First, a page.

A former Labour MP told a tribunal that he wanted to “clear” his name after being accused of sexually harassing a parliamentary worker.
Mike Hill said he was “not guilty” of the allegations against him and that his decision to step down as Hartlepool’s MP in March was not linked to the claims.
His accuser, a woman known only as Ms A, alleged Mr Hill conducted a campaign of sexual harassment and bullying against her over 16 months during his four-year stint in office.
She said Mr Hill’s advances began with text messages, including one about craving her body, but progressed to groping her and rubbing his erect penis against her body in his London flat.
Appearing remotely on Thursday at the Central London Employment Tribunal, Mr Hill was asked repeatedly whether he stood down as a result of the allegations against him and what conversations he had with the Labour Party.
Mr Hill said: “The closest I can say on that is this: I wanted to get to the point of the employment tribunal, it was important for me because I wanted to clear my name in court.”
He later clarified: “I did not resign in anticipation of these proceedings or because of the allegations against me.”
Mr Hill told the tribunal he was on medication for anxiety and had received six sessions of “psychiatric counselling”.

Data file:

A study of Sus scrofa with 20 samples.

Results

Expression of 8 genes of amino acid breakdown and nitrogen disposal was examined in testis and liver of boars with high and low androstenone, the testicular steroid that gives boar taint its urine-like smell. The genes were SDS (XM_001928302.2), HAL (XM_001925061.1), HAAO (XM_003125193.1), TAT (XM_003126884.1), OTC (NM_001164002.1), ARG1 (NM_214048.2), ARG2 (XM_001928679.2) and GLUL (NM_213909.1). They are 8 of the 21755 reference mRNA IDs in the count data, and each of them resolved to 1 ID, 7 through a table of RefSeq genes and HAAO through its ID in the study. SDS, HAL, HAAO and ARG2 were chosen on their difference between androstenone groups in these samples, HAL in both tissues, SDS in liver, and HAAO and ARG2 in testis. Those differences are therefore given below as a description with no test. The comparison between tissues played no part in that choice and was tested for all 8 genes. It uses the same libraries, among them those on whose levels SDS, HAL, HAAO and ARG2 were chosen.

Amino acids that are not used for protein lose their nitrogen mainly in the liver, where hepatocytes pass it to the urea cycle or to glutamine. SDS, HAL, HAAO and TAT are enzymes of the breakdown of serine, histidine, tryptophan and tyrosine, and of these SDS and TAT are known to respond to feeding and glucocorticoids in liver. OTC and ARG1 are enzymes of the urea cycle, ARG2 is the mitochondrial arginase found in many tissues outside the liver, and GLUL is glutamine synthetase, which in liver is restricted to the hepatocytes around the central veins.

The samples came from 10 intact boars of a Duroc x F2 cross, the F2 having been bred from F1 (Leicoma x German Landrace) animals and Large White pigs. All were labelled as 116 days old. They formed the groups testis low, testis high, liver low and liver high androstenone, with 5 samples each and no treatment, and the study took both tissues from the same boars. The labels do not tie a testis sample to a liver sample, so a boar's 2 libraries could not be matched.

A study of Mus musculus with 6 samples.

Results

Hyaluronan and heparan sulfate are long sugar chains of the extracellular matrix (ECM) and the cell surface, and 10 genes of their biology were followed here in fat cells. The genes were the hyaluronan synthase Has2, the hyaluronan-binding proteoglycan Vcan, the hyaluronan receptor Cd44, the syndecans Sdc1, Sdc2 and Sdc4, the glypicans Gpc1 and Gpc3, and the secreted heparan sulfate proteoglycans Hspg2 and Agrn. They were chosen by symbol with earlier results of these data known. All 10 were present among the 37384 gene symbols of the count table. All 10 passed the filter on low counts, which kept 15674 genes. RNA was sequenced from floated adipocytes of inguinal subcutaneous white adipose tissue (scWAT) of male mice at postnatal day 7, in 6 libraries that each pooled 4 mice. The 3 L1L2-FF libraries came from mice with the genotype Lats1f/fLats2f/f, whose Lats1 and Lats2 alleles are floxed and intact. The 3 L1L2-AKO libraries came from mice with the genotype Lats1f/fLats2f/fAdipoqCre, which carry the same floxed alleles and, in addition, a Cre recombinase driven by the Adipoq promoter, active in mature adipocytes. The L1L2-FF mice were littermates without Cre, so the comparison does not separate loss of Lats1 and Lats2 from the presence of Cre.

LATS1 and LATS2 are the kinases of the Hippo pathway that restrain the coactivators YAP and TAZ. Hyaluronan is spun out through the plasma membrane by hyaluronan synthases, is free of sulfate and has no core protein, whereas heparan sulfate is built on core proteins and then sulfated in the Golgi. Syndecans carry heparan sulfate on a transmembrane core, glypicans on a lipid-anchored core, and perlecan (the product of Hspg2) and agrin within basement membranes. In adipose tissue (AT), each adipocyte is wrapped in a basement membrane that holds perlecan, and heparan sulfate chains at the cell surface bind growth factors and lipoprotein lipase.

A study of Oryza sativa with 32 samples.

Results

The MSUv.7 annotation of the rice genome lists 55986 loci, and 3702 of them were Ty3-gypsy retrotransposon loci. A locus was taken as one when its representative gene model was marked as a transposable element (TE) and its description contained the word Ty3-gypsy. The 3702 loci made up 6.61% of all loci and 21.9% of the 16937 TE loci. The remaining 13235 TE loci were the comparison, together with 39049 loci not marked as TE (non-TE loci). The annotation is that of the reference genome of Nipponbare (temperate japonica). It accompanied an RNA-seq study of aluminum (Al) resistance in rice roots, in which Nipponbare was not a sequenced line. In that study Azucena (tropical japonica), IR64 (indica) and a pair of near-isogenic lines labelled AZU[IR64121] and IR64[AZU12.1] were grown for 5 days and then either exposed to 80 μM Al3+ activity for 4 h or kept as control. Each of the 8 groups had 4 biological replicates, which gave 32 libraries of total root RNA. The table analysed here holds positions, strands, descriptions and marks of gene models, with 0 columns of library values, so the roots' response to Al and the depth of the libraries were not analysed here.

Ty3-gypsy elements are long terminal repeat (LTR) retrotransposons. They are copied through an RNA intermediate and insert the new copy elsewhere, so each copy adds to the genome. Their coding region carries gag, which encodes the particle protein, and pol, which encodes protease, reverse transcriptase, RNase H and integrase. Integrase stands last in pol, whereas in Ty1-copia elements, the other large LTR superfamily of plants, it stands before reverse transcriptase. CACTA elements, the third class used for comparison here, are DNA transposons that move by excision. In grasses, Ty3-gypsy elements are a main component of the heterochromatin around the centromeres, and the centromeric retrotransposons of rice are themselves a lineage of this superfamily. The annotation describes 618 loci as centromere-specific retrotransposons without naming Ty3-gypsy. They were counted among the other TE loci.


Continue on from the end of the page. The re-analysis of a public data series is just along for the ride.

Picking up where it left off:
Earlier in the tribunal, Ms A, who had pre-existing post-traumatic stress disorder, said Mr Hill made her feel “scared, extremely confused, violated and powerless”.
The claimant said Mr Hill’s behaviour exacerbated her pre-existing mental health condition.
“I felt Mr Hill had a ‘Jekyll and Hyde’ personality in that time, he would be friendly with me, but at others, particularly after I rejected his advances, he would turn and act like he hated me,” she said.
Mr Hill was suspended from the Labour Party in September 2019 over the allegations, but was reinstated in October of that year to fight the general election.
He resigned from his seat in March, triggering the by-election that saw the former red wall seat of Hartlepool swing dramatically to the Conservatives.
The tribunal, which is due to last a week and a half, continues.